Scotland’s independence referendum last year will have left no one in any doubt about the independence of mind and spirit that exists north of the border. Yet the vigorous and healthy debate which accompanied it also highlighted what Scotland shares with the rest of the UK, such as its currency, research funding and the BBC.
One area where Scotland has a beneficial relationship with its near neighbours is air travel. While Heathrow may be based in the South East of England, its status as the UK’s only hub airport means it plays a vital role in connecting Scotland to the rest of the world. Indeed, 2.45 million people fly through Heathrow and into Scotland every year. As VisitScotland chairman Mike Cantlay recently told the Scotsman: “While Scotland now benefits from many direct flights, airports such as Heathrow serve as important hubs for hundreds of thousands of our overseas visitors”.
This is why the upcoming decision from the Airports Commission on flight capacity is just as relevant to the Scots as it is to those in the South East of England. Over 30 chambers of commerce around the UK are now backing Heathrow expansion for the benefits it will bring in terms of jobs and economic growth, and these include the Aberdeen and Grampian, Glasgow and Inverness chambers, as well as the nationwide Scottish Chambers of Commerce umbrella group.
In its submission to the recent Airports Commission consultation, the Glasgow Chamber of Commerce pointed out that two-fifths of the 870,000 passengers flying from Glasgow Airport to Heathrow each year are heading onwards overseas, and that Heathrow offers 75 destinations that are not served by any other UK airport. It knows that accessible air travel is vital both for Glasgow-based businesses trading overseas and for foreign investors looking to do business in the region.
Aberdeen, meanwhile, has the highest proportion of business travellers in Scotland, with over a quarter of Scottish flights to Heathrow departing from Aberdeen International. Yet a number of services to London have been withdrawn in recent years and these passengers are keen to see their resumption. The Highlands have encountered similar challenges, and that is why the Inverness Chamber of Commerce’s chief executive Stewart Nicol recently argued that the reintroduction of direct flights to Heathrow “would lead to a significant and immediate boost” to the region’s economic performance.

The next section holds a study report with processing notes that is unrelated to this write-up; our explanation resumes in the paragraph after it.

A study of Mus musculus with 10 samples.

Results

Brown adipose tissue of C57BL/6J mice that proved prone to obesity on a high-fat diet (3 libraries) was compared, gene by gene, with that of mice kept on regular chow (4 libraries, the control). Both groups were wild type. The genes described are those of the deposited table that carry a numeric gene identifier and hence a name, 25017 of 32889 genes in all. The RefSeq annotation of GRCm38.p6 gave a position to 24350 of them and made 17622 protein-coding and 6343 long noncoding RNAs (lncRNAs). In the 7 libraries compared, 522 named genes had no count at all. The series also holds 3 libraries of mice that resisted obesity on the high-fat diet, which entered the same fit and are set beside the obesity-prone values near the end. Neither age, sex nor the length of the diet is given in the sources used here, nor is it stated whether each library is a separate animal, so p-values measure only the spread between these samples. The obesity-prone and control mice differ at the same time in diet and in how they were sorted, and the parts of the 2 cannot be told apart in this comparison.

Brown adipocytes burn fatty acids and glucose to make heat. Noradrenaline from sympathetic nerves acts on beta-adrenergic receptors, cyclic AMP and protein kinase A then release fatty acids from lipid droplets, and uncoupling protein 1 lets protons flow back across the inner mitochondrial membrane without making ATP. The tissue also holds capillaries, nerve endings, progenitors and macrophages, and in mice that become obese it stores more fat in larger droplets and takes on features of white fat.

The effect that improved air connectivity will have upon both economic output and levels of employment across the UK regions was quantified for the first time last month by the planning consultancy Quod. Using Airports Commission data, its projections found that Heathrow expansion would add £14bn to Scotland’s real GDP between 2019 and 2078, and create 16,100 new jobs by 2050.
Meanwhile, increasing the number of routes available between Heathrow and Scotland is also expected to have a significant impact on ticket fares for passengers. A report by Frontier Economics last year calculated that if Heathrow were expanded today, the average return ticket price would be reduced by £95. By 2030, this reduction could be as much £320 due to the increasing impact that not raising capacity would have. Not only would fares fall due to the reduction in excess demand for seats, but increased competition between airlines serving similar routes would bring financial benefits for passengers.
With the Airports Commission preparing to make its final decision this summer, awareness is growing of the huge benefits that expansion of Heathrow will have across the country. It’s not just London and the South East of England that are set to reap the rewards, but Scotland and the rest of the UK too.